Super Mario Cereal is the latest hype train derailed by adequate stock and impatient collectors.
Super Mario Cereal was released in December of 2017. Mario’s face on a cereal box is nothing new. There are plenty of cereal boxes with Nintendo promotions on established post cereals like Honey Bunches of Oats, Honey Comb and Golden Crisp.
For the first time in almost thirty years, Nintendo has a branded cereal for fans to buy. But unlike the original Nintendo Cereal System, Mario Cereal had issues with distribution which caused Nintendo fans to speculate on how long the cereal was going to be available for. Speculation which caused boxes to be sold for $25 just before Christmas.
The allure behind Mario Cereal is a mystery. It’s a generic, Lucky Charms knock off with a hint of berry. One might think that the Amiibo included would be desirable, but it’s literally an NFC wafer glued to the inside of the box and only unlocks a handful of coins. At $2.50 retail, this box of cereal would be like any other cereal except that it’s called Super Mario Cereal.
Does Mario Cereal Taste Good?
Mario Cereal is well worth the $2.50 price tag. I have 3 boxes and while I don’t regularly eat cereal (I don’t drink milk) I was glad to have a bowl and it didn’t taste terrible. I’ll probably have a couple more bowls before my milk expires. The other two boxes will be converted into Super Mario Cereal treat bars (think Rice Crispy Treats, but with Super Mario Cereal instead)
It really isn’t worth anything more than that. Unless you really like berry flavored Lucky Charms.
What is the long term collectability of Super Mario Cereal?
If you’re thinking of investing part of your 401K into Super Mario Cereal, I have some news you’ll want to consider before going all in; It’s not going to be worth anything in the next 6 months much less 6 years.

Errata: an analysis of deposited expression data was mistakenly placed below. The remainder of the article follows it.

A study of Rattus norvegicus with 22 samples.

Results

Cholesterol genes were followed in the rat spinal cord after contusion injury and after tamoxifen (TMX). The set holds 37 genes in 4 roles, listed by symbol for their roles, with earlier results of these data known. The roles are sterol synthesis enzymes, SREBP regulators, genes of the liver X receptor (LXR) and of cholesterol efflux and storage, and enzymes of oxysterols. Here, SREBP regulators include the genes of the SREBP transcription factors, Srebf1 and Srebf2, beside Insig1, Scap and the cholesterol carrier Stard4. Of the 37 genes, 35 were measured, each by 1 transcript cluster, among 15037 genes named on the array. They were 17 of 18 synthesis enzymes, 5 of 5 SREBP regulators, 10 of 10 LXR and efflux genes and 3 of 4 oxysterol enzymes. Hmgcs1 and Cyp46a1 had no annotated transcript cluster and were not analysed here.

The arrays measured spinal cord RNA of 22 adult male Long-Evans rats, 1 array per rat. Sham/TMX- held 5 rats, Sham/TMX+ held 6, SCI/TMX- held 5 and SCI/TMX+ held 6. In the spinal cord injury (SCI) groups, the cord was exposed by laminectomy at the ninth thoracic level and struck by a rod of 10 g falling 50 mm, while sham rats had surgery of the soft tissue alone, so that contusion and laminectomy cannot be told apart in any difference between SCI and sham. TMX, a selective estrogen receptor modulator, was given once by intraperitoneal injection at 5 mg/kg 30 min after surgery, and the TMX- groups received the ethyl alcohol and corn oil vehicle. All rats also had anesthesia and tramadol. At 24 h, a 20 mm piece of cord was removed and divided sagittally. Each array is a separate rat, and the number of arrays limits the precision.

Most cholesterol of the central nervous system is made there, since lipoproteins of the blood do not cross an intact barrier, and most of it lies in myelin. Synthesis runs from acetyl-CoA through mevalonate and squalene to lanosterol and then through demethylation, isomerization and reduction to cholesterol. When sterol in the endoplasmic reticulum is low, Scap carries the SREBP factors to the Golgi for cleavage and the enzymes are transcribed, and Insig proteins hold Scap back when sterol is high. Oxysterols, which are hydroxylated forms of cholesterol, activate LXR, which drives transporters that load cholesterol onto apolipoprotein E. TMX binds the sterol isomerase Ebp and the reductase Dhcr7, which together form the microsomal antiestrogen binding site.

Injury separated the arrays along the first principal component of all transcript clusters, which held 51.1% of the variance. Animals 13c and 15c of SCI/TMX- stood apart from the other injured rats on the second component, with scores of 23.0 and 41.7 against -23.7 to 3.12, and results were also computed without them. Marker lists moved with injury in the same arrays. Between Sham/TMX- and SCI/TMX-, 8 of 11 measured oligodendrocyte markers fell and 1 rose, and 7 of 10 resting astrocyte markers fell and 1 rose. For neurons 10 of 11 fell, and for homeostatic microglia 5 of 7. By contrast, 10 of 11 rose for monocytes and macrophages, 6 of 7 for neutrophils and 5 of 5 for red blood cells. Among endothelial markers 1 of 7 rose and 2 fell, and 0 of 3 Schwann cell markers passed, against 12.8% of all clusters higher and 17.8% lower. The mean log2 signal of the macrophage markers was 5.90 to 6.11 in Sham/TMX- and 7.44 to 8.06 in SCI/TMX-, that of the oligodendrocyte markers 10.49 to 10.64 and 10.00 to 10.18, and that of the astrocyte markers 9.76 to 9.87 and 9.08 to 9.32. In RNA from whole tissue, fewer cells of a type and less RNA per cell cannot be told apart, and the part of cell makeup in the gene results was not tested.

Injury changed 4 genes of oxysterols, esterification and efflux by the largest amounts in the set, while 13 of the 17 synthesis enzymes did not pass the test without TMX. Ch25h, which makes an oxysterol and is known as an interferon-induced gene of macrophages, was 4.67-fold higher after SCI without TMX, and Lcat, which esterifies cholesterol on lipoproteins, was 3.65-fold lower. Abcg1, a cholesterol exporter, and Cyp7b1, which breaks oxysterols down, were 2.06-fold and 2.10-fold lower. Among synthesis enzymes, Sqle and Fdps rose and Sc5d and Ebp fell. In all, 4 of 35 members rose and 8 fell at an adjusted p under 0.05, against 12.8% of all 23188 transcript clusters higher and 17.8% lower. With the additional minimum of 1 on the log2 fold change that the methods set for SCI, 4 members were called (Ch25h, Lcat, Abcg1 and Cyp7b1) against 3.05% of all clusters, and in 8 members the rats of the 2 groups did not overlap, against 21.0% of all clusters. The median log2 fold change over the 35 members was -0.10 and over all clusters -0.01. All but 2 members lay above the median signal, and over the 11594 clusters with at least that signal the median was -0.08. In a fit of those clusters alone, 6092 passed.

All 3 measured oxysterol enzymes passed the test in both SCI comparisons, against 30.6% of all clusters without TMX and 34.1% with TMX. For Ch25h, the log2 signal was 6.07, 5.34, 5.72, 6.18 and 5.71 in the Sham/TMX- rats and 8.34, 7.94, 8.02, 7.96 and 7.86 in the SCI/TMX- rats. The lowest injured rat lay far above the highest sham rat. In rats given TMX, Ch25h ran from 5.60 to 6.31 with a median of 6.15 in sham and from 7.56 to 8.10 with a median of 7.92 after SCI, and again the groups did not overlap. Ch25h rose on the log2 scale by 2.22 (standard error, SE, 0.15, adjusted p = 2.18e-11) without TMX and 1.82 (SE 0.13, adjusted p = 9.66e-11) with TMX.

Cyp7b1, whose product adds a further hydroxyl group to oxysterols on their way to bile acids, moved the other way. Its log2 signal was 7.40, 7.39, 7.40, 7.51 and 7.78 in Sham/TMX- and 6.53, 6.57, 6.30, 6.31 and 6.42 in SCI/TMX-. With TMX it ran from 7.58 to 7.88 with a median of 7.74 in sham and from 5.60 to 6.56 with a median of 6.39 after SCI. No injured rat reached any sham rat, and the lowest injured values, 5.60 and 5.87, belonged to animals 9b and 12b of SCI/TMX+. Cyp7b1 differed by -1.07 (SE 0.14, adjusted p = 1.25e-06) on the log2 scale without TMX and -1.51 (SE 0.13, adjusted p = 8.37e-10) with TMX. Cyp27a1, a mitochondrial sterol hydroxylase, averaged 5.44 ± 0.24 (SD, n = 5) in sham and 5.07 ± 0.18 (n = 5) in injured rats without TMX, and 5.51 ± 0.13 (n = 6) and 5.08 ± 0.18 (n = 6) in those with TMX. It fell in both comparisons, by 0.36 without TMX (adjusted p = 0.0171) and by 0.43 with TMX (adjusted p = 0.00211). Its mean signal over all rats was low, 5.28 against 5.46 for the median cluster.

There is a cereal collecting scene, but Super Mario Cereal is not going to fetch too much of an interest from Nintendo collectors. And if it is of interest, so many people will have collected this that I’ll be surprised if it barely keeps up with inflation.
Collecting in terms of making a profit is now akin to day trading. Gaming items especially those made by Nintendo are bought up quick and sold at an inflated price to impatient collectors. Speculation matched with poor communication from Nintendo fuels this valuation and leaves collectors with loose pockets padding the wallets of those opportunistic enough to peddle cereal.
What will the next big Nintendo Collector’s Item Be?
If I had to guess, I would place money on the Nintendo Entertainment System classic re-release. Nintendo has stated that they will be releasing more NES classics this year. It will probably come with two controllers this time. If distribution is like the SNES classic, stock will be sporadic and eventually find their ways on to shelves. Patience is a virtue lost on most collectors, but the conspiracy that Nintendo uses artificial scarcity tactics to sell product that people can’t buy is all but dead.